Malta Ranked 46th In Global Internet Speed Test
Cable.co.uk take it upon themselves every year to conduct a global internet speed test, ranking countries in order of their mean download speed. This year's results came as a bit of a shock, except when it concerns our small island. In 2017 we were ranked 48th, jumping up 2 positions in 2018 to 46th place, only to stay in the same position this year; quite dull results. Yet when it came to the front runners, quite a bit of shuffling around was happening.
How The Rankings Were Made
Since it was their 3rd year in a row doing this "speed league", Cable already had experience in ranking the 207 countries and, more importantly previous data to compare to. Each country had varying sample sizes, from 176 tests in Faroe Islands to over 132 million tests in U.S.A., each with a varying amount of tested IPs. Through all these tests, Cable got the mean average of each country (for all those who failed their Math's O-Level, mean average is dividing the total of all the tests by the amount of tests made) and sorted them into ranks.
With this data, Cable also provided comparisons to their 2018 & 2017 results, also quantifying their results with a simple category: time it would take to download a 5gb film using that countries average internet speed.
Malta Stuck At 46th, Again
As mentioned above, Malta has only improved by 2 rankings in the past 2 years, keeping the ranking as last year but this doesn't mean our internet hasn't improved. In 2017, our average speed was 10.17mbps, which grew to 13.6mbps in 2018 and is now at 18.16mbps in 2019. While these may seem low, Malta is above the global average of 11.03 and our speed has almost doubled in the past 2 years, which is better than most countries and awesome for a small Mediterranean island.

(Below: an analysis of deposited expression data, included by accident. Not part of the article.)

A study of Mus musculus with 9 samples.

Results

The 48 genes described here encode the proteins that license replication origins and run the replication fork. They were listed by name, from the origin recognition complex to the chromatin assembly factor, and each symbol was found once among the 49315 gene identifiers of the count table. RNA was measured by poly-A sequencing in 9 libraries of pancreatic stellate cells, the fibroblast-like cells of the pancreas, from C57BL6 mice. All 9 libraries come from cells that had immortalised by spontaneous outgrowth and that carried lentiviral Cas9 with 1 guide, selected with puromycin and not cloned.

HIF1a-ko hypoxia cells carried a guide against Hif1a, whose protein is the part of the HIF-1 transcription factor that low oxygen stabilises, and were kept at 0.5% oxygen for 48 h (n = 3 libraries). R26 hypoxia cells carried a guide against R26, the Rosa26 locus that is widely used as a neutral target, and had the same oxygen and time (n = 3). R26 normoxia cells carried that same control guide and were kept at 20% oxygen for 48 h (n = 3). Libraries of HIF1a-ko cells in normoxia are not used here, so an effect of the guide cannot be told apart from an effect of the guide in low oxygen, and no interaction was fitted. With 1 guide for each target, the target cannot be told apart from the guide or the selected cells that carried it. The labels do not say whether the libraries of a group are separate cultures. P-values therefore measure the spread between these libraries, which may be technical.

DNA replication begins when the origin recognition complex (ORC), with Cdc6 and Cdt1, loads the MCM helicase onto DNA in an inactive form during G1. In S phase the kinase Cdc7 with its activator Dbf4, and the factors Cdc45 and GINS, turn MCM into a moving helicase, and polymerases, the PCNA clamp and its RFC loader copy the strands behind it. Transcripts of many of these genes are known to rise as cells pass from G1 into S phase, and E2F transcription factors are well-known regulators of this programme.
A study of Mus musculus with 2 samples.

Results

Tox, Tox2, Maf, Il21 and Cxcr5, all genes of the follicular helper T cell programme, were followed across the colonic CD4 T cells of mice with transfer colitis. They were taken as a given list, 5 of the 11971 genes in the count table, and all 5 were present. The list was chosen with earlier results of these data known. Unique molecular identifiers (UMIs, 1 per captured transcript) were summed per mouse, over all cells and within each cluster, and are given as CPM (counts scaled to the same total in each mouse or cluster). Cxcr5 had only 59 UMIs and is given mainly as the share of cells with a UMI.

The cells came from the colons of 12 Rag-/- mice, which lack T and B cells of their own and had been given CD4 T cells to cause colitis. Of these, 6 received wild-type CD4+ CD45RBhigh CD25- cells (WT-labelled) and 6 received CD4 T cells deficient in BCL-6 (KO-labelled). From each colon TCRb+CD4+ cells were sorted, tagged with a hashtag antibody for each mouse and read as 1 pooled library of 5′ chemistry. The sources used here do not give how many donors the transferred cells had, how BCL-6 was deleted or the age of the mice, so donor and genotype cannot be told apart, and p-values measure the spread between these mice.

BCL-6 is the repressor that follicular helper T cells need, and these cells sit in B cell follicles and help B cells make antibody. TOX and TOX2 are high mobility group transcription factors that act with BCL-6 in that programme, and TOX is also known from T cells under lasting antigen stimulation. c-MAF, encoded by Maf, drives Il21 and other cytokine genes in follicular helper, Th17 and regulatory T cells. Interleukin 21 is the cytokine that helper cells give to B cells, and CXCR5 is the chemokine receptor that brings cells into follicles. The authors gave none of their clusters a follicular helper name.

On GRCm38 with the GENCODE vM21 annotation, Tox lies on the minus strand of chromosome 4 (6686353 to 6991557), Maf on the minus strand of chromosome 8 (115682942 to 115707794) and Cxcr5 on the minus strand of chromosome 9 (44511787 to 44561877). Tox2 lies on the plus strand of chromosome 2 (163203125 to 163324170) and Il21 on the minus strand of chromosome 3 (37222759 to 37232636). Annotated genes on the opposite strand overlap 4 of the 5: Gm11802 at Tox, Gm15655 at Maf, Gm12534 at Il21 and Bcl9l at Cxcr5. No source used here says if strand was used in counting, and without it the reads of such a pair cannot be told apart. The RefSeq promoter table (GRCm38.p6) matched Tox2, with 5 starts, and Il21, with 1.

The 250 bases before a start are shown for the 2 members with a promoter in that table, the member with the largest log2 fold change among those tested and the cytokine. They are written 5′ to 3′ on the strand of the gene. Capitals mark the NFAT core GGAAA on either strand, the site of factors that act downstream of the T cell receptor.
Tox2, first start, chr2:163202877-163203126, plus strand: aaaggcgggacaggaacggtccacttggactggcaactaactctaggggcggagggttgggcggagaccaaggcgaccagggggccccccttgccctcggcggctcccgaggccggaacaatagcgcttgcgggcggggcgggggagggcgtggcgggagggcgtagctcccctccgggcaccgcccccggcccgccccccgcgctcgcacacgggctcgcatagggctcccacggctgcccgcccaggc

That said, out of all European countries, Malta is ranked 34th out of 54, meaning that we could certainly do better compared to our neighbours (although Italy is 35th in Europe and 47th globally. Suck it LOSERS).
What is truly important, is that to download a 5gig film, it would take 37 and a half minutes till you would be able to watch. Slow but manageable.
The Top 10 Countries
When it comes to the top 10 global speeds, some of them are not surprising at all with others shooting up from last year's results. The top 10 are:
One of the most surprising turnouts is Taiwan. Last year, they were ranked 14th, still an achievement but since then, their speed has increased from 28.09mbps to 85.02mbps, a 203% increase. Their economy relies heavily on a digital infrastructure so when you combine that with their compact size and their move from ADSL to fibre, you get an amazing average speed.
Most of the other top 10 were either close to their current spot last year or were just outside the big boys club (Japan were 12th and Switzerland were 11th), except San Marino which wasn't even ranked last year due to their small size and not a large enough sample size to gain an accurate reading.
The Slowest Internet of 2019
For 3 years in a row, the same country has earned the title of Slowest Internet. With a whopping average of 0.38mbps, the worst internet belongs to: YEMEN. In 2017, Yemen had an average speed of 0.34 which then WENT DOWN (how that is even possible, I do not know) to 0.31, then back up to 0.38 this year. If you wanted to download a 5gig film here, it would take you 30 hours, 1 minute, and 40 seconds to be able to start watching it. Imagine that, leaving your computer on for a whole day and MORE just to download a movie.
Just for frame of reference, internet speeds in 2004 were around about 0.35mbps, so well-done Yemen, for being 15 years behind the rest of us.
Comments By Cable
The average global broadband speed has risen by 20.65% in the last year, pointing towards a general increase in speeds all round. Yet that doesn't seem to be the case. "The truth is faster countries are the ones lifting the average, pulling away at speed and leaving the slowest to stagnate," commented Dan Howdle, a consumer telecoms analyst at Cable.
"Last year, we measured the slowest five countries at 88 times slower than the five fastest. This year they are 125 times slower."
The results determined that countries focusing on pure fibre infrastructures were excelling while those trying to figure out alternatives are lagging behind. With mainly European and Asian countries moving on up, Malta is going to need to pull its socks up to keep advancing and stay in-tune with our continental buddies.